More than half a billion treatments delivered in fight against NTDs
September 17, 2012 by Kerry Gallo
On September 19, more than 40 groups will be part of a landmark event in DC to celebrate progress in the global fight against NTDs.
WASHINGTON D.C. – The United States is pleased to join more than 40 nongovernmental organizations, academic institutions, global health and civil society organizations at an event to hail historic progress, celebrate champions, and underscore continuing challenges in the global fight against diseases affecting the world’s poorest and most marginal populations. Leveraging unprecedented donations of medicines by pharmaceutical companies, global neglected tropical disease (NTD) partnerships are supporting countries around the world to control and eliminate these diseases. The special event will be held on Capitol Hill September 19, 2012 in Russell Senate Office Building 385 to recognize successes in the fight against NTDs.
With the support of the U.S. Congress, the U.S. Government, through the U.S. Agency for International Development’s (USAID’s) NTD Program, has supported countries to deliver more than half a billion NTD treatments in just six years, reaching cumulatively more than 250 million people in 20 countries.
NTDs are caused by a range of worms, bacteria and parasites with hard-to-pronounce names such as schistosomiasis, lymphatic filariasis and onchocerciasis. They disproportionately impact poor and rural populations who lack access to safe water, adequate sanitation, and health care. These diseases can kill and frequently impair, blind, or disfigure those they infect. NTDs devastate families and communities by hindering children’s mental and physical development, reducing school performance and attendance, and limiting economic productivity in adults who become blind or too sick to work, thereby keeping families in a continuous cycle of poverty. Due to their primary role as caretakers of children, women are more commonly affected than men, suffering from NTDs like trachoma which causes pain and blindness during the most productive years of life. And certain NTDs, like Chagas disease and sleeping sickness, are potentially fatal without treatment.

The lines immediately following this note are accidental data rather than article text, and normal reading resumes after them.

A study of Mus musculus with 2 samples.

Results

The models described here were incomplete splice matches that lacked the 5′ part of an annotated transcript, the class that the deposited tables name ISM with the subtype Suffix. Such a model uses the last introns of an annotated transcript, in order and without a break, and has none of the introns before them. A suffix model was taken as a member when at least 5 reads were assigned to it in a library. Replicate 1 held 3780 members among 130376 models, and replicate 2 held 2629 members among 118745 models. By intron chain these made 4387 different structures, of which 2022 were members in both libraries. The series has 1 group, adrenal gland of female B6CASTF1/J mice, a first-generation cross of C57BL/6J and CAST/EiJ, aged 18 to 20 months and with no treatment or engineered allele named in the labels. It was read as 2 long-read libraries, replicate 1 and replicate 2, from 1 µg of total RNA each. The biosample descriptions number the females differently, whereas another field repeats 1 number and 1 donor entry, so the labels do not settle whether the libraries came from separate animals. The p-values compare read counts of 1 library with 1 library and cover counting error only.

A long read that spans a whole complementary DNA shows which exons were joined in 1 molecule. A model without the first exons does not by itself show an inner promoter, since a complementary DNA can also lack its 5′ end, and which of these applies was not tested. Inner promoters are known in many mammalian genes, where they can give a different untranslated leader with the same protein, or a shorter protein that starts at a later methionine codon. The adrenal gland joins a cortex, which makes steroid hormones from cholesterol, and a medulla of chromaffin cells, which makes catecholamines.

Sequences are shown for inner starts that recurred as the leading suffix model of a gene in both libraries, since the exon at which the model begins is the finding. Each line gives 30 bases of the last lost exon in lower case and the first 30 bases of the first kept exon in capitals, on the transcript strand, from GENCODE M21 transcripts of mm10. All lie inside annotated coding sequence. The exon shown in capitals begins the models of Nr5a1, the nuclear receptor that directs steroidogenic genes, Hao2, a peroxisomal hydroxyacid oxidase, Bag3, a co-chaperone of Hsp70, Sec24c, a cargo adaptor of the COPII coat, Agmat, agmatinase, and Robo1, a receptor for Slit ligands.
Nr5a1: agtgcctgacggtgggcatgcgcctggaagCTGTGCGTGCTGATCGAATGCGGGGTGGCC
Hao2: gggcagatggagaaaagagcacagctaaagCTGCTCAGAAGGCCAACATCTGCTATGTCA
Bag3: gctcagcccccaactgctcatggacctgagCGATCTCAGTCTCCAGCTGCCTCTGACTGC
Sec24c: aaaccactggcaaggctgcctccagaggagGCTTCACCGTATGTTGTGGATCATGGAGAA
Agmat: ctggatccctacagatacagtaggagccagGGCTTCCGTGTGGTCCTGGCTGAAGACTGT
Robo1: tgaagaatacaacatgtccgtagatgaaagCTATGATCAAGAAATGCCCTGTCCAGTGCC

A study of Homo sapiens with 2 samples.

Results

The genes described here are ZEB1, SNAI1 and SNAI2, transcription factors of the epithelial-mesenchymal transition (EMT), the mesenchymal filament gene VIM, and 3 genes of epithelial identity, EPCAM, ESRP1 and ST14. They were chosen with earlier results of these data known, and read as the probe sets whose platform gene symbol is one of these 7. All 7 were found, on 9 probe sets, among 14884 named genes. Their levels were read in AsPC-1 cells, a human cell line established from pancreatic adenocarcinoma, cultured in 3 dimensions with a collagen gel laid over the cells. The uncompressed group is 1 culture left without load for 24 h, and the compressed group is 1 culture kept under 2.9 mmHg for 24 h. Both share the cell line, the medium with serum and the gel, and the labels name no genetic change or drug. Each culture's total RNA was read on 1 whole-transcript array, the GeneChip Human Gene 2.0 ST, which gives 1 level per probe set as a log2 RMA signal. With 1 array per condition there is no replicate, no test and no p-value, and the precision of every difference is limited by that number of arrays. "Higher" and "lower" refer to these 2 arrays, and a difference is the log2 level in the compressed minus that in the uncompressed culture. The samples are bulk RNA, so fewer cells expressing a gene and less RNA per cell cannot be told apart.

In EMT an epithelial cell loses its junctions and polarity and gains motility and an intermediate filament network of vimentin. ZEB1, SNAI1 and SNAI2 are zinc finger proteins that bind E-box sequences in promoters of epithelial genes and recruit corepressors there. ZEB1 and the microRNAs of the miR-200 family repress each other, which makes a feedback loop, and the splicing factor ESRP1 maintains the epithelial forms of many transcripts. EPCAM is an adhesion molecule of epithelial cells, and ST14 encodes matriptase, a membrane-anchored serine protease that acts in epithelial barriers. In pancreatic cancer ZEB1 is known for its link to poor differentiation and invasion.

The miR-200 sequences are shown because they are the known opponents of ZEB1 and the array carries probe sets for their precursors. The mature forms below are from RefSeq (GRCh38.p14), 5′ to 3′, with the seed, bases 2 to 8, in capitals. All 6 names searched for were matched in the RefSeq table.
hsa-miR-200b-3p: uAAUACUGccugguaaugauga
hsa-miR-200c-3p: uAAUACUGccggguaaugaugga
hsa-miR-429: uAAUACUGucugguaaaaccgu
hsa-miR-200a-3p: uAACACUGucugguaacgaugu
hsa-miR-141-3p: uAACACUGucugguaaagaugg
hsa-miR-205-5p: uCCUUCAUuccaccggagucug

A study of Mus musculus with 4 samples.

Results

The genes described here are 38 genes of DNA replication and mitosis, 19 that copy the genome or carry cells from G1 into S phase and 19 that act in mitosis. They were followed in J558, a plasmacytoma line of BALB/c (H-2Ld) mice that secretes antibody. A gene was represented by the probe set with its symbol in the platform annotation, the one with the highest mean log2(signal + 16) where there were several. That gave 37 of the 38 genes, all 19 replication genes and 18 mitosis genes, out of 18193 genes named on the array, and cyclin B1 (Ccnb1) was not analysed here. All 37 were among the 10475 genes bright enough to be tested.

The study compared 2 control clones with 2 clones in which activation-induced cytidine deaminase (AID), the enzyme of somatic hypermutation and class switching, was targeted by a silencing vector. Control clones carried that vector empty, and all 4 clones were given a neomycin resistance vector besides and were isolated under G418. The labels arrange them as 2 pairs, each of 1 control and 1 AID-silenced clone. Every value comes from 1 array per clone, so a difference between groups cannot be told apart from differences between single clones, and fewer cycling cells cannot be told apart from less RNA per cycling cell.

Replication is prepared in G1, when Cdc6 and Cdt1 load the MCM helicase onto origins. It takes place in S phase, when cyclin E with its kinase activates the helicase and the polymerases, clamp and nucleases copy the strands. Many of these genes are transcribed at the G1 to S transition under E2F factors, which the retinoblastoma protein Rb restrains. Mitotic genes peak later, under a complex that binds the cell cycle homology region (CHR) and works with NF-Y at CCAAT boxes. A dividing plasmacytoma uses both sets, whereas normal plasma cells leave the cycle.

Globally, up to 1.2 billion people are estimated to be infected with soil-transmitted helminths (STH), one of the NTDs. These worms thrive where the soil is warm and humid and where sanitation is inadequate. As a result, this disease disproportionately affects the poor in tropical and sub-tropical countries. Infection with STH causes abdominal pain and distension, intestinal obstruction, iron-deficiency anemia, increased susceptibility to other serious infections, stunted growth and impaired cognitive development in children. Ultimately, these conditions may have socio-economic consequences such as poor school performance in children, which in turn leads to decreased labor productivity when these children become adults.
Global partnerships have been instrumental to the efforts of governments and others who work together to create new medicines, get the drugs to the communities that need them, and enlist local support to ensure appropriateness of proposed interventions. Our work is making a large-scale, cost-effective contribution to the global effort to reduce the burden of NTDs.
All partners are committed to sustaining or expanding existing drug donation programs; accelerating research and development of new drugs, vaccines, and diagnostics; and strengthening drug distribution and implementation programs in disease-endemic countries.
USAID extends help from the American people to achieve results for the poorest and most vulnerable around the world. That assistance does not represent a Democratic value or a Republican value, but an American value; as beneficiaries of peace and prosperity, Americans have a responsibility to assist those less fortunate so we see the day when our assistance is no longer necessary.
Children Without Worms (CWW) is a partnership between Johnson & Johnson, GlaxoSmithKline, and the Task Force for Global Health to support the treatment and prevention of infection with soil-transmitted helminths (STH), commonly known as intestinal worms. CWW envisions the world's children free of STH so they can grow, play, learn and enrich their communities. To achieve this vision, CWW works with partners around the world, including the World Health Organization, government ministries of health and education, and non-governmental organizations to provide donated albendazole and mebendazole to treat at-risk children. CWW also achieves its vision by working with partners to provide technical support to national programs to advocate for and implement strategies to prevent STH infection. These strategies include increasing access to water and sanitation facilities and providing hygiene education.